A few friends really like this beer so I’m going to brew an AG batch for a summer party. The Brewery lists the ingredients but not the amounts (one section says they also use Citra hops but they are not listed in the clone recipe). Anyone know this beer? Anyone willing to take a stab at amounts?

For the grains I was thinking about 70% Pilsner Malt, 25% Wheat Malt and 5% Flaked Wheat. Prob throw in some Rice Hulls.

Thanks ... -ipa-clone

I don’t know much of anything, but comparing it to this recipe: … Saison.pdf

I would say you need 9-10lbs. of grain total to achieve the OG of 1.056-1.057 with similar weight percentages.

With Belgian Ale yeast and those hops, wouldn’t this be a Belgian IPA ? Or is White IPA not really defined?

Also: viewtopic.php?f=4&t=108619#p964521

With Belgian Ale yeast and those hops, wouldn’t this be a Belgian IPA ? Or is White IPA not really defined?[/quote]
It’s basically a witbier that’s been hopped up. I’d definitely use a witbier yeast.

I was thinking of something like this with my standard wit grain bill, which is 50% pils, 50% wheat. I’d use Bravo to bitter and a blend of Centennial and Cascade late, like 15,10 and 5.

If you are using wheat malt, consider upping the %age up to 50-60%. I think if you are using unmalted/flaked wheat, you could go lower.

If you want the real thing, check out the Jul/Aug 2012 issue of Zymurgy. Recipe provided by a Deschutes brewer. Pages 4-45.

Because I’m just such a swell guy:

From the issue above (I will eat my words I guess on my flaked wheat rec above!):

for 5G:

OG: 1.057
IBU: 55
SRM: 4-6
ABV: 5.75

6.5# pilsner
2.25# wheat malt
23oz white unmalted wheat flakes
5ml lactic acid

.75oz Bravo pellets (15% AA) - 60 min
5oz dextrose (30 min)
Kettle fining of choice
.12oz fresh ground coriander (5min)
.34oz fresh ground bitter orange peel (5min)
1oz citra (flameout)
1oz centennial (flameout)
1oz cascade (flameout)

step mash
125* 15 minutes
125* 15 minutes
163* 20 minutes
172* 5 minutes

60 min boil

Wyeast 3787 Trappist High Gravity Ale Yeast (what the what?)

Ferment at 66* for 2 days, raise to 74* until fermentation complete
Cold crash to 42*

I’m not sure why they do that multi-step mash with mostly malted grains in the grist. I also can’t believe this beer doesn’t have dry hops. I would also drop that bitter curacao orange nonsense and use fresh zested. And probably move those 5 min additions to flameout.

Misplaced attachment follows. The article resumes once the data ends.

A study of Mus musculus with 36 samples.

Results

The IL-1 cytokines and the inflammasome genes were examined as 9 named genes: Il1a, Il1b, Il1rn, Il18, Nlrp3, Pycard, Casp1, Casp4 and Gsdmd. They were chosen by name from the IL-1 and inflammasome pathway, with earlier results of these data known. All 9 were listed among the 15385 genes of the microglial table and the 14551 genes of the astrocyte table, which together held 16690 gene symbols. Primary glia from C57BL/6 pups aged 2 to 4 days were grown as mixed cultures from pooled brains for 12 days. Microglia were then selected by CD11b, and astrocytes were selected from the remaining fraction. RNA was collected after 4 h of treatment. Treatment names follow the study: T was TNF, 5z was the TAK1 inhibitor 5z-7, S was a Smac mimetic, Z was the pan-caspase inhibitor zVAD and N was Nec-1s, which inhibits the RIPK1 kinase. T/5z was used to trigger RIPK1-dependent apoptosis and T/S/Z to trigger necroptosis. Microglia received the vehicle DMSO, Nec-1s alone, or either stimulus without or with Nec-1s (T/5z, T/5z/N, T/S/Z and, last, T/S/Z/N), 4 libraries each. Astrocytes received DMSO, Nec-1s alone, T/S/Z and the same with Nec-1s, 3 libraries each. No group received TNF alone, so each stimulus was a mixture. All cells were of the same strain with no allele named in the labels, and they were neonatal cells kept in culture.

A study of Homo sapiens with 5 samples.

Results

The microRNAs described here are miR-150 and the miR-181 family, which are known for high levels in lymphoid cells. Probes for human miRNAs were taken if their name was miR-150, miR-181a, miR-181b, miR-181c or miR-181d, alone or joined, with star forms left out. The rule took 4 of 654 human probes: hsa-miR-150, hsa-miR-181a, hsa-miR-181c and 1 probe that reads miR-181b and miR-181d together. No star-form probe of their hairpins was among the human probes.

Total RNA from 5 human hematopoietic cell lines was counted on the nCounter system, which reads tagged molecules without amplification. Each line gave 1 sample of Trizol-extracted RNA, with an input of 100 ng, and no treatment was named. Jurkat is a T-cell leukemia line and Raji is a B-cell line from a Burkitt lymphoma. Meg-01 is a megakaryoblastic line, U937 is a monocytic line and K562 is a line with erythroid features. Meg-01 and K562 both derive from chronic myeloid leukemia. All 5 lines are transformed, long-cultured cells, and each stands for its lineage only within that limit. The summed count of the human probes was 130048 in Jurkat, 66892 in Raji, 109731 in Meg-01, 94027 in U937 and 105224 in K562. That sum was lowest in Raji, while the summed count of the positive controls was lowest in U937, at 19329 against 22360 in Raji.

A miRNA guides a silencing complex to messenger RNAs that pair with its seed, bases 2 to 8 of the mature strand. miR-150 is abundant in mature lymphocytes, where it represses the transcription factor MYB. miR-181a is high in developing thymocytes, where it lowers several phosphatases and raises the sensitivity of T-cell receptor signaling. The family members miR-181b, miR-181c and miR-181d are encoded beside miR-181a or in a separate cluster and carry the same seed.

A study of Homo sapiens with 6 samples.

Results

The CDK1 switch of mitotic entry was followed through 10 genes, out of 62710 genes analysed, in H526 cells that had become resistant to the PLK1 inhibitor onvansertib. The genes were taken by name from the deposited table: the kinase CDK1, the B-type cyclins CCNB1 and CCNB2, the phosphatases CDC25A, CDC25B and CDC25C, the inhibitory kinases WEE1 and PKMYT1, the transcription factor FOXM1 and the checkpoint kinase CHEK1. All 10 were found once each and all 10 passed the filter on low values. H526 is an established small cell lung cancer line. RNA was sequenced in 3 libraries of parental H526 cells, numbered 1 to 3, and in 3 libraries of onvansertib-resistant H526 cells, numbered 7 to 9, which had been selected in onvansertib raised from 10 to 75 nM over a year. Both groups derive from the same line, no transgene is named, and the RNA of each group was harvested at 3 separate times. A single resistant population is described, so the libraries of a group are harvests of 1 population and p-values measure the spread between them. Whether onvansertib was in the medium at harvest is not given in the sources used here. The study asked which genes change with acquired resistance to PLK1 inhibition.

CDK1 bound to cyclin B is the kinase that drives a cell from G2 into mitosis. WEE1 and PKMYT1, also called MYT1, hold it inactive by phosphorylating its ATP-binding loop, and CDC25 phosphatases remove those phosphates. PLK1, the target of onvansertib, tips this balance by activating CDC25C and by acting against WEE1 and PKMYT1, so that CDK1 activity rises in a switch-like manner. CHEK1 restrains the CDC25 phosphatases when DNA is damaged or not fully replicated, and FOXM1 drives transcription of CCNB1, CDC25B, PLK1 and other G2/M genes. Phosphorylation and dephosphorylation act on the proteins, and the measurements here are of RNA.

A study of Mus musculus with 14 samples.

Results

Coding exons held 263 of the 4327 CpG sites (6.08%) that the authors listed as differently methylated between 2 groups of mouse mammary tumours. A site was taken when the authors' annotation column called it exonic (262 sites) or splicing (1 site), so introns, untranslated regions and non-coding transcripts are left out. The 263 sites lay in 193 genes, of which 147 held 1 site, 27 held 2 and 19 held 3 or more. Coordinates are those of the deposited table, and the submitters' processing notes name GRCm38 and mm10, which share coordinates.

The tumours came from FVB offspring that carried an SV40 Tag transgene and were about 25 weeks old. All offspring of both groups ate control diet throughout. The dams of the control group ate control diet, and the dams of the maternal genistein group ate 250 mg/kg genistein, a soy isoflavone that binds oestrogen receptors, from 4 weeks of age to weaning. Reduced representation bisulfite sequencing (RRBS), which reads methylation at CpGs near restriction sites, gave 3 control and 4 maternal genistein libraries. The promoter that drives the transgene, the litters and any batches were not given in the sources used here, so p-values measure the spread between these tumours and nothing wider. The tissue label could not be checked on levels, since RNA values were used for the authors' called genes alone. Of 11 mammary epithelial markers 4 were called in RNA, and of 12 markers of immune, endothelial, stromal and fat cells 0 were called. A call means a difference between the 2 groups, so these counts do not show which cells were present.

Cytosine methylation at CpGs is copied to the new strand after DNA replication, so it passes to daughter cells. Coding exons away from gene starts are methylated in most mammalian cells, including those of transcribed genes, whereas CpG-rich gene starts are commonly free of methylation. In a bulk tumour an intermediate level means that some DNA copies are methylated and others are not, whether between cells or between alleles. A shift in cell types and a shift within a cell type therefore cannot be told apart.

Happy brewin!

Has anyone out there tried the recipe from Zymurgy? I’m really anxious to try it out but would love to hear some feedback first!

Pietro - Thanks for the Zymurgy info.

I’m going to finally brew this tomorrow, probably with a couple of tweaks. This will be one of the beers I serve on July 4th - (for those who won’t drink anything that isn’t light colored).

I do have a couple follow-up questions.

The Zymurgy notes above call for a step mash at 125* for 15 mins and then 125* for another 15 mins. Is that a typo? Isn’t that 125* for 30 mins?

I’ve never used lactic acid (but have never had a water profile ordered either). I have Lake Michigan water from the northern burbs and it is pretty soft. Any thoughts/ advice?

I’ve also never used dextrose. Assume that it will just ramp up the alcohol a bit. Assume using some of the extra bag of priming sugar I’ve got laying about will work.

I probably won’t have time for a starter. Will that be a problem if i use the Wyeast 3738 High Gravity for this 1.057 beer?

As always, thanks very much. This forum and the people on it are a great resource.

The second step is 145 for 15 minutes. But I highly recommend skipping the multi-step mash and just following your normal procedure (mashing between 150 and 156), incorporating the protein rest at 125 if you want to.

I’ll defer to others on the acid question, but I would not acidify my water blindly. Add to your to-do list: send water sample to Ward labs and download a copy of Bru’n Water :wink:

Yes, the sugar will raise your OG and dry out the beer a little.

Yeast strain is not a factor in deciding whether to make a starter. It’s about pitching the right number of yeast to ensure a healthy fermentation that’s free of off-flavors. If you’re brewing tomorrow, you can make your starter tonight. If you’re not doing a starter, Mr Malty recommends 2.3 smack packs (assuming package date of one month ago). Personally I would not cut corners here.

If you’re on Chicago water, you can get full reports here ... ports.html

I found quarterly reports at some point. That has quarterly, but you have to wait for the year end report to see it, so the most recent is December 2012.

Thanks much for the follow-up info. I’m not brewing until tomorrow and I’ve got a starter going. I don’t doubt Mr Malty or your experienced advice. I’ve only been brewing for a few years. What I guess I don’t like is a smack pack where the manufacturer says one pack will work for 5 gals of up to 1.06 OG but to make a good beer it sounds like I need twice as many yeast cells.